Grid-Scale Storage of Renewable Energy: The
According to a study conducted by "Energy Matters," a group started by Euan
Mearns, entitled Grid-Scale Storage of Renewable Energy: The Impossible
Dream, available online at
providing firm power from wind and solar for a year in conditions with
variability for the year 2016 in England and Scotland, would require about
390 watt-hours of storage per average watt of installed capacity, or
about 70 watt-hours per peak watt. Total energy consumption in Britain, in
electricity equivalents, for 2015, was 1610.75 TWe-hours. Solar and wind
provided about 40 TWe-hours electricity (and nothing for transport or any of the
non-electric uses for industry, commerce, domestic...). The rest was provided
by coal, oil, gas, nuclear, hydro, which have capacity factors of about 90%. So
total average electricity-equivalent capacity was 1755 GWe. Using Mearns's 390
Wh/W factor, 680,518 GWe-hours of storage would be necessary to provide 1755 GWe
firm power in an all-electric all-renewable energy system, with 2016
variablilty, in England and Scotland.
The Big South Australian Battery has a capacity of 0.129 GWe-hr. The 2019 price
for a Tesla PowerWall-2 battery is $0.578 per watt hour. At that price, it cost
$74,562,000. Maybe Tesla gave South Australia a volume discount. At 0.129
Gwe-hr each 5,275,334 of them could have assured an all-electric all-renewable
British energy system with firm power if the yearly variation were as in 2016.
At an estimated cost of $50 million for the BSAB, the cost would be "only"
$393,339 BILLION! And lithium batteries only last five years or so. So the
cost would be about $78,668 billion, every year for storage alone!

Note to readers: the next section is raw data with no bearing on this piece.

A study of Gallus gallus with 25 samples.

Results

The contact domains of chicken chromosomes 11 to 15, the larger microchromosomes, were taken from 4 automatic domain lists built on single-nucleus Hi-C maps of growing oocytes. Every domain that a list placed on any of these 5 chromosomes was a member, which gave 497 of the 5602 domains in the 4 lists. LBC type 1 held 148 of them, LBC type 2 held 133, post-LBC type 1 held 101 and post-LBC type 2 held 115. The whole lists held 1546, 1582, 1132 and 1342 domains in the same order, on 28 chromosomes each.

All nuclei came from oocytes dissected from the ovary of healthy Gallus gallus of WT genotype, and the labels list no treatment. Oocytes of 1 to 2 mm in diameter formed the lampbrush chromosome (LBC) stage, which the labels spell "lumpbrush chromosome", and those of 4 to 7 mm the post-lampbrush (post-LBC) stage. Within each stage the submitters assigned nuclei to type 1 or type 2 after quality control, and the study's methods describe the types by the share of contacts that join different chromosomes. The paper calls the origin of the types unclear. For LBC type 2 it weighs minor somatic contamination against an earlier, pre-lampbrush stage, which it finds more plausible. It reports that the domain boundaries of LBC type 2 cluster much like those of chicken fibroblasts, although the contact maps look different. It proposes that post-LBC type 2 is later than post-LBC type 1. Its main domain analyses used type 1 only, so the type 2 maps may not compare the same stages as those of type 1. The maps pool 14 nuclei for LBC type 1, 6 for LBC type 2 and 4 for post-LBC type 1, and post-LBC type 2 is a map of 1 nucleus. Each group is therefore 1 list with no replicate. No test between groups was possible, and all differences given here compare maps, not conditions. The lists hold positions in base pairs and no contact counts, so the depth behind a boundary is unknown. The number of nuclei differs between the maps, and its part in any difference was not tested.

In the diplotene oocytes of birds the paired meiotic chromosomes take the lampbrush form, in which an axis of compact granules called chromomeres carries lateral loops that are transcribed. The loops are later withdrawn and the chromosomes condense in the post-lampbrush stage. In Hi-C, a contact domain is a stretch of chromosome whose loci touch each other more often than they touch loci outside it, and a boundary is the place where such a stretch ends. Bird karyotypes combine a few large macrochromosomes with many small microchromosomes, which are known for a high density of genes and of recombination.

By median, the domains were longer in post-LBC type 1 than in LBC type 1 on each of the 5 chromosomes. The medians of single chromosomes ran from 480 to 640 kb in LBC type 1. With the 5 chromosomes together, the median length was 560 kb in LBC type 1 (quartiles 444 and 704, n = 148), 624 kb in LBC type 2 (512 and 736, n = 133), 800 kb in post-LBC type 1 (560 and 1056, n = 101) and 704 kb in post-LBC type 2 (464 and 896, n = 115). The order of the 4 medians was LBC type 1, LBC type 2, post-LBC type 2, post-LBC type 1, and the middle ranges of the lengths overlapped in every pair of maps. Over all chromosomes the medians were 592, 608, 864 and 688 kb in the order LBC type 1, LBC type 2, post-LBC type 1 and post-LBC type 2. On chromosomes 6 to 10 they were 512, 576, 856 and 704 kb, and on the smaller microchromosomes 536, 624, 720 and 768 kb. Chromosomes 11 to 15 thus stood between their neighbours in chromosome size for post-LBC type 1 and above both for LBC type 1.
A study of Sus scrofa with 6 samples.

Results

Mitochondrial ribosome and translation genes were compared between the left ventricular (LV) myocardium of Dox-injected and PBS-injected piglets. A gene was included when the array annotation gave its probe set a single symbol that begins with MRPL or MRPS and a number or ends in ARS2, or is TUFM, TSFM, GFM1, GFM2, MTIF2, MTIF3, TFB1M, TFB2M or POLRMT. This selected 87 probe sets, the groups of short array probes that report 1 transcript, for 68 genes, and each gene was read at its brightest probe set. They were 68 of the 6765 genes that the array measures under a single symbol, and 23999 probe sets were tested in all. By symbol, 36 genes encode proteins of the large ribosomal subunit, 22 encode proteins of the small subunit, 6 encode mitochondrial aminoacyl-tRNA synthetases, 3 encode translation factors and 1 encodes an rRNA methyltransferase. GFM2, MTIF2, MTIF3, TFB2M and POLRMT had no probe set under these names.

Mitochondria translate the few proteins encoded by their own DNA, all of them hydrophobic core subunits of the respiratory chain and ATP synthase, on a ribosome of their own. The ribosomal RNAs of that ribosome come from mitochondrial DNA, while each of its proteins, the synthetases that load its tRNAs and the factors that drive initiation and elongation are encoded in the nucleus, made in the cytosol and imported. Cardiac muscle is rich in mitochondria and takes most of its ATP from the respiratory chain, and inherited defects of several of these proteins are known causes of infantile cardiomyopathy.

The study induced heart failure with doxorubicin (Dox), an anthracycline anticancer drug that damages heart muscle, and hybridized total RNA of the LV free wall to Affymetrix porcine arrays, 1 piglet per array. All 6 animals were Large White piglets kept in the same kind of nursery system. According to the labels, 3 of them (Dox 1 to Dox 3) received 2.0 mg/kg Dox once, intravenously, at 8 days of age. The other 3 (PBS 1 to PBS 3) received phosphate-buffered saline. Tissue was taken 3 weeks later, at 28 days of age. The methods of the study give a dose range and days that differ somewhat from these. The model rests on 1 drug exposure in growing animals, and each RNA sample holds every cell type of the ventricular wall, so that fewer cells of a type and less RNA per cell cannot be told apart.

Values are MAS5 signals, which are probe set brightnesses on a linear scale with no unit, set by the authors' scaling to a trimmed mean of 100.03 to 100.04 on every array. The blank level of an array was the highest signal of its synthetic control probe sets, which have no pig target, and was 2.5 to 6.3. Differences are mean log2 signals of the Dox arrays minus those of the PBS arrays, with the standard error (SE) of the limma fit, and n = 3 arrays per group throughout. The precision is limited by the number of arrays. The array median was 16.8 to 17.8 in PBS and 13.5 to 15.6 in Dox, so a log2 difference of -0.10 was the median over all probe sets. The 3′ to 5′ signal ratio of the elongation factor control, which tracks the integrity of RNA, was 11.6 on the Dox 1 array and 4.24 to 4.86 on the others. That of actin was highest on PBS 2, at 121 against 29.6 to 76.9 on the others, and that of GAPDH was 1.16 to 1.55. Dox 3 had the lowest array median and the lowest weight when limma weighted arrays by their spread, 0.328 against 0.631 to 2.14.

British GDP for 2016 was $2,619 billion. So Britain would need "only"
30.04 times their 2016 GDP, every year, for batteries alone! Using heat
pumps for space heating and moderate-temperature industrial processes,
electricity for transportation, etc., would result in lower requirements -- but
still too much to contemplate realistically.
In a similar study entitled
Geophysical constraints on the reliability of solar and wind power in the
United States, Shaner et al used 36 years of geophysical data for all
of North America, with one hour resolution. Their conclusion was that storage
capacity of 400-800 watt hours per average watt (Wh/W) of wind and solar
capacity would be required for firm (99.97% available) power.
Norman Rogers reached a similar conclusion in
Is 100 Percent Renewable Energy Possible? Using data from Texas,
he calculated that storage capacity of 400 Wh/W is needed.
I made a rough calculation and concluded that an all-nuclear mostly-electric US
energy economy, using heat pumps instead of resistance for space heating and
some medium temperature industrial processes (food, plastics), direct
reactor-core heat for industrial processes up to 1000 degrees Fahrenheit,
electricity for higher-temperature processes (steel), and making liquid
hydrocarbon fuels for ships, airplanes, heavy construction, and farming, would
require average capacity of 1,700 GWe. So an eventual American economy that
succeeded in making that transition would have about the same requirements, and
would need five million or so of those big batteries -- maybe somewhat fewer
because of our different climate conditions. US 2016 GDP was $18,570 billion.
We would be spending about at least 3.95 times total 2016 GDP (using Mearn's
estimate) or maybe 8.1 times total 2016 GDP (using the estimate from
Shaner et al) for batteries alone, every year! Without nuclear, and
therefore without direct reactor-core heat for industrual processes, more would
How much storage will be needed when we have another eruption like
Tambor, which gave us 1816, the "year without a summer?"
Over-reliance on wind and solar is starting to look not only
prohibitively expensive, but positively dangerous!